For 85 years, MIT’s Hobby Shop has provided a space for MIT’s community members to build their passion projects. For the last 65 of those years, that work has taken place in a low-ceilinged, windowless room in the basement of Building W31. Now the Hobby Shop is opening in a new location on Massachusetts Avenue that’s sure to increase its visibility — not to mention the sun exposure of its users.
The new MIT Hobby Shop, which officially opens tomorrow in Building N51, features new and upgraded machinery as well as an additional 1,000 square feet of workspace. In fact, if not for some durable equipment and the familiar faces of Hobby Shop Director Hayami Arakawa and Technical Instructor Coby Unger, the shop would be virtually unrecognizable.
“It’s super different,” says MIT Space Administrator Greg Raposa, who helped orchestrate the move. “The floor plan before was sort of a narrow rectangle. The new floor plan is a large, wide-open space with an office in the center. It’s more visible from the street, and it’s much brighter. They’ve got everything they need now, including a new welding setup, and we’re collecting sawdust in the back of the building. It’s what you would build if you’re going to build a hobby shop from scratch.”
The Hobby Shop is arguably MIT’s most democratic makerspace on campus: Students, professors, alumni, and staff can begin booking time on machines as soon as they’re finished with safety training. The reservations are first come, first served, in contrast to other makerspaces on campus that prioritize class projects or are only open to students from specific departments.
“The shop was founded by students who wanted to work on their hobbies and projects of their own personal interest as opposed to academic work,” Arakawa says. “By and large we’ve kept that spirit. Whatever your personal interests, we provide the space, machinery, and materials needed to refine your idea and work on it without time restraints or grades. We don’t give assignments here.”
Most projects make use of the shop’s woodworking equipment, although it also has metal working tools, CNC machines, a welding room, and 3D printers. Arakawa says many people build pieces of furniture that serve as gifts.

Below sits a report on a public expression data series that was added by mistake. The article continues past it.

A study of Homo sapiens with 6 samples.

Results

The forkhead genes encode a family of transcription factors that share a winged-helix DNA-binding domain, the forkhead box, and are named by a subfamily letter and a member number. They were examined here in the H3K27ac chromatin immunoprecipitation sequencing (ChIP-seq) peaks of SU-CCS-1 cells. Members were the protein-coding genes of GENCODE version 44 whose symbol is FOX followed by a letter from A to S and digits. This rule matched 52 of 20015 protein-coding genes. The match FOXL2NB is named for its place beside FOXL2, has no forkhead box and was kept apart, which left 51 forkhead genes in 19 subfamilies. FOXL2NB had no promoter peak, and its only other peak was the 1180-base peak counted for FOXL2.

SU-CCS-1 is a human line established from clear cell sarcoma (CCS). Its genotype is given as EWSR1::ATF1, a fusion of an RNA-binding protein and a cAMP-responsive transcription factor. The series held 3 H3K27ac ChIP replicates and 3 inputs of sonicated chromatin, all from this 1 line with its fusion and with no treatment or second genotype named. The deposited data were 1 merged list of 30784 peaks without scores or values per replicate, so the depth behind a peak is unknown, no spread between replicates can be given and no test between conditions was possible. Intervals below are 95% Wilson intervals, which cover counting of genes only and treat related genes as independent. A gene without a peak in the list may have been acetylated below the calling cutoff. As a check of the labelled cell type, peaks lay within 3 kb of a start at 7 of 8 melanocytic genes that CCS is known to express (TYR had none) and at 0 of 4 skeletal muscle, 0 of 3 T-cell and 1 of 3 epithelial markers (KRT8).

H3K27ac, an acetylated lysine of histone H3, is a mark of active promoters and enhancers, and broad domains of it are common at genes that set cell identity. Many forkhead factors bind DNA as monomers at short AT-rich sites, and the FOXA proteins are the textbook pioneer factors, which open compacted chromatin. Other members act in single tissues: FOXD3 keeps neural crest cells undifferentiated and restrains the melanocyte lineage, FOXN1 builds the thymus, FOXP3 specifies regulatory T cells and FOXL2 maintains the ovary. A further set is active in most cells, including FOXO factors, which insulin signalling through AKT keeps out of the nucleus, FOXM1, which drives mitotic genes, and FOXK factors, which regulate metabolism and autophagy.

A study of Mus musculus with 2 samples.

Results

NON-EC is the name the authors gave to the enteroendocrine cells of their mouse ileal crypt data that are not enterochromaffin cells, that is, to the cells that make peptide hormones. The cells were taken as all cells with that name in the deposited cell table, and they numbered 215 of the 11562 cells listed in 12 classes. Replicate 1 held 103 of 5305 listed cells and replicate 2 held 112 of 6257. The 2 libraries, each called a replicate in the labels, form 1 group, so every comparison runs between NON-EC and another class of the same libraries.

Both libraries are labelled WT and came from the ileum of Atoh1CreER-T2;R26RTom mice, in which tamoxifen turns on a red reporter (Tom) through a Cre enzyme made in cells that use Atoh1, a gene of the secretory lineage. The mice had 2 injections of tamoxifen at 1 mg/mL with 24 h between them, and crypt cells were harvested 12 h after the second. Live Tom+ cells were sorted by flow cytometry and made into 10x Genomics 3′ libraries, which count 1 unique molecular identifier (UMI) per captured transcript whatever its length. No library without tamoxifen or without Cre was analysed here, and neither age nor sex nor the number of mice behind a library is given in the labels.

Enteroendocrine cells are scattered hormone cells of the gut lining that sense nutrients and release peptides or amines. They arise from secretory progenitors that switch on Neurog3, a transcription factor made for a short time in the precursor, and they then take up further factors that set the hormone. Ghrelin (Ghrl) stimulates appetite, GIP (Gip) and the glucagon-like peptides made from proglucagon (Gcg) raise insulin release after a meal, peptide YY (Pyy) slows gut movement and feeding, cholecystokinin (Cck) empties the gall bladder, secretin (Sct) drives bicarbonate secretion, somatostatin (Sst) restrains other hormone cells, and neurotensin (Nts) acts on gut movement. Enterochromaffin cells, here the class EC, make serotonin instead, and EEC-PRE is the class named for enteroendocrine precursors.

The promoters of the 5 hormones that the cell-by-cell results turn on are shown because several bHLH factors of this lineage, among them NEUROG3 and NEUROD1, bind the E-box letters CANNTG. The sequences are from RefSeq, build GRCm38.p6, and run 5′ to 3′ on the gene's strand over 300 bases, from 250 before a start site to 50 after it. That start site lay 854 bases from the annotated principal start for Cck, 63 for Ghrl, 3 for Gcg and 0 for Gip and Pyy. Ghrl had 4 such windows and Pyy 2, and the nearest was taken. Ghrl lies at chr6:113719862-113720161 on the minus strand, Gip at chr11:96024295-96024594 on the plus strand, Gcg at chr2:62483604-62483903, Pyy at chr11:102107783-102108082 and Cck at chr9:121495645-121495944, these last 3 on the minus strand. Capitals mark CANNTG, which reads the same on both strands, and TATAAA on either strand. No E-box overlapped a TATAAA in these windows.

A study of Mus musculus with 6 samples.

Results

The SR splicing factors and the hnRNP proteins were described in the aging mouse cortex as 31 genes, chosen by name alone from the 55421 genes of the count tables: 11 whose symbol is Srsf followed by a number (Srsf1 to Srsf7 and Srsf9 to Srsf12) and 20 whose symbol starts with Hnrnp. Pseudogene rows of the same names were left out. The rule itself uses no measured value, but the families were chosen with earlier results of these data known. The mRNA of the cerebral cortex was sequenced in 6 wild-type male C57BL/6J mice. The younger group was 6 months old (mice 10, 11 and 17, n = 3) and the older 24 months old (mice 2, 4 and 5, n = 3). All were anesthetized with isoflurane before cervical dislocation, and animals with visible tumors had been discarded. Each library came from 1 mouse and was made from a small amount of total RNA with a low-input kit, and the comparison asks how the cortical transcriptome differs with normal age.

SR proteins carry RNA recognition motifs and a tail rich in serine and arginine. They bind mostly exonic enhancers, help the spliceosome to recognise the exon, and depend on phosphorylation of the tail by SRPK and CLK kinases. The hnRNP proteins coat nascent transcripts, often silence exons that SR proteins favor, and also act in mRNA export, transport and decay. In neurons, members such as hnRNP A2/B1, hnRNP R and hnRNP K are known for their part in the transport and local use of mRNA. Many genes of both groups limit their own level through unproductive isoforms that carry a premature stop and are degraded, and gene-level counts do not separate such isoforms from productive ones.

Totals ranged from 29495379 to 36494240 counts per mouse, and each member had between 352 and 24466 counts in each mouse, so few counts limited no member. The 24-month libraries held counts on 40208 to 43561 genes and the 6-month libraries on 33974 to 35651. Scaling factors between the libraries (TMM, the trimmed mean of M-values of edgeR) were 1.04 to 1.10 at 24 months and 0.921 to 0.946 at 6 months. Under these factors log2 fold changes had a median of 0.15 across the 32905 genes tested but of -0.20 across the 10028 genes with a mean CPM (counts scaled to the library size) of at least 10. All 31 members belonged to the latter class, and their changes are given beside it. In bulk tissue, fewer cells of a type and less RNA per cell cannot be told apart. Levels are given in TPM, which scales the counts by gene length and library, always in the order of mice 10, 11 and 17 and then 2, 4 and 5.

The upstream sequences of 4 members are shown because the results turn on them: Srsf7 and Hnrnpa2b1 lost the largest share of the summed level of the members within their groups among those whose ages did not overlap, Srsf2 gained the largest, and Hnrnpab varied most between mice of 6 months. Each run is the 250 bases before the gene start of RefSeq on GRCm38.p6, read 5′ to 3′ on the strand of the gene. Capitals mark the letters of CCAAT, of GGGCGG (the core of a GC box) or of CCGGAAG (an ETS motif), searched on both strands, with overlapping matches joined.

“MIT’s motto is ‘mind and hand’; we add heart into that,” Arakawa says. “It’s not just about getting something hacked together to show proof of concept. It’s about building something a little more refined, so it’s a much more finished product at the end of the day.”
People who frequent the shop say its welcoming mantra gives it a more supportive, community feel.
“Because it’s not tied to a class or school it has the widest range of people of any makerspace on campus,” says Robin Willis SM ’23, who frequented the old space and helped the Hobby Shop design its new orientation process this summer. “Some shops are only available to mechanical engineering or architecture students, but the Hobby Shop is for everyone: staff, students, alumni, anyone who needs it. It’s also a really friendly environment. If you have questions or want to know what someone’s working on, they’re usually really excited to tell you about it, because it’s a personal project.”
The Hobby Shop’s move was first conceived of about three years ago and came to fruition as after the MIT Museum moved to a new building in Kendall Square last year, opening up the first floor of its old home in N-51, which had served as the museum store.
“We had always dreamed of moving the Hobby Shop out of there when there was an opportunity,” Raposa says. “We were also looking to get someone into the [old museum’s] first floor to keep that area of campus a vital part of community.”
“The architects really wanted to make this a very lively space as far as visuals go,” Arakawa says. “I think they accomplished a good 90 percent of what we suggested.”
Some pieces of equipment were simply moved into the new space, but most were either refurbished or replaced, including five machines in the wood shop. In some cases, the Hobby Shop was able to trade equipment with other labs and departments in MIT. They also received donated equipment as other groups were upgrading and were able to purchase equipment through funds raised from an enthusiastic donor base.
“Having been around for 85 years, I wanted to build a shop that would last another 100 years,” Arakawa says. “Some of the machines were completely rebuilt. They can’t make them like they used to.”
The Hobby Shop should also benefit from its proximity to other shops. Makers will be a short walk or a flight of stairs away from the School of Architecture’s wood shop as well as makerspaces run by D-Lab, the Edgerton Center, the MIT Morningside Academy for Design, and the MIT Electronics Research Society (MITERS).
Nowadays everyone involved in the move is excited to welcome MIT’s community to its new maker home — and everyone is talking about the natural light of the new space.
“There were days in the winter where I’d go into work in the dark and I’d come out and it’s dark again — Not anymore!” Arakawa says. “We’ll definitely be more high-profile. We have a lot of people already from the general population of Cambridge coming through asking, ‘What’s this?’”
The shop holds 30-minute tours on Tuesdays at 1 p.m. It will also host a celebration of its new location on Saturday, Sept. 30. Beyond that, Arakawa is simply excited to get back to work.
“The students keep us going, and there’s really never a dull moment here,” Arakawa says. “There’s never a day without at least half a dozen or a dozen projects going on. Whether they’re old members or brand new, I am 100 percent confident people will love this space.”